Evolva’s nootkatone enters NIH-sponsored studies to assess its effectiveness against Zika virus

July 31, 2016 |

In Switzerland, Evolva said  that the US National Institute of Allergy and Infectious Diseases will sponsor studies to test Evolva’s nootkatone against mosquitoes infected with Zika virus. The study will evaluate nootkatone in multiple formulations against wild type and insecticide-resistant mosquitoes that carry the virus.

Studies will be conducted at Colorado State University (CSU) in Fort Collins, Colorado, under NIAID’s preclinical services program. CSU researchers will test both the repellency and insecticidal properties of nootkatone against mosquitoes infected with the Zika virus. Data from these studies will supplement Evolva’s ongoing research to fulfil the US Environmental Protection Agency’s requirements for the commercial launch of nootkatone.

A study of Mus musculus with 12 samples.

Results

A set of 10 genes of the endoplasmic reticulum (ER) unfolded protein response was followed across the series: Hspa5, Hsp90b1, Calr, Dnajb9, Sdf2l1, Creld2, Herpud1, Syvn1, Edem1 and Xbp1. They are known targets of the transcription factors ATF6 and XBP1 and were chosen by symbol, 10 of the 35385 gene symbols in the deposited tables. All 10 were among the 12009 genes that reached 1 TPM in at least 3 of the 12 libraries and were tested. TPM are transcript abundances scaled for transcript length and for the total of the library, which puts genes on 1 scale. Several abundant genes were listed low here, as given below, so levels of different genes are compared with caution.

This NIH-sponsored research represents the latest expansion of Evolva’s nootkatone work with the US government, which began as a collaboration with the CDC. Evolva and the CDC initially examined nootkatone’s effectiveness for tick control as a novel approach to reduce the spread of tick-borne diseases such as Lyme disease. In late February 2016, Evolva’s nootkatone collaboration with the CDC expanded to include an additional focus on mosquitoes, including those that transmit Zika, chikungunya, dengue and West Nile viruses.

CDC research has already shown that nootkatone both repels and kills Aedes aegypti, the mosquito that transmits Zika and yellow fever, and the black-legged tick, Ixodes scapularis which transmits Lyme disease. Nootkatone appears to have a mode of action distinct from that of currently used pesticides, and therefore, could potentially be valuable for mitigating pesticide resistance in mosquito vectors.

Zika is one of a number of mosquito-borne viruses, which include both dengue and chikungunya, that are transmitted by Aedes aegypti and Aedes albopictus mosquitoes. The World Health Organisation and the US Centers for Disease Control and Prevention (CDC) have declared the Zika virus a public health emergency. Zika is associated with potentially severe neuropathogenic and neurodevelopmental conditions in humans.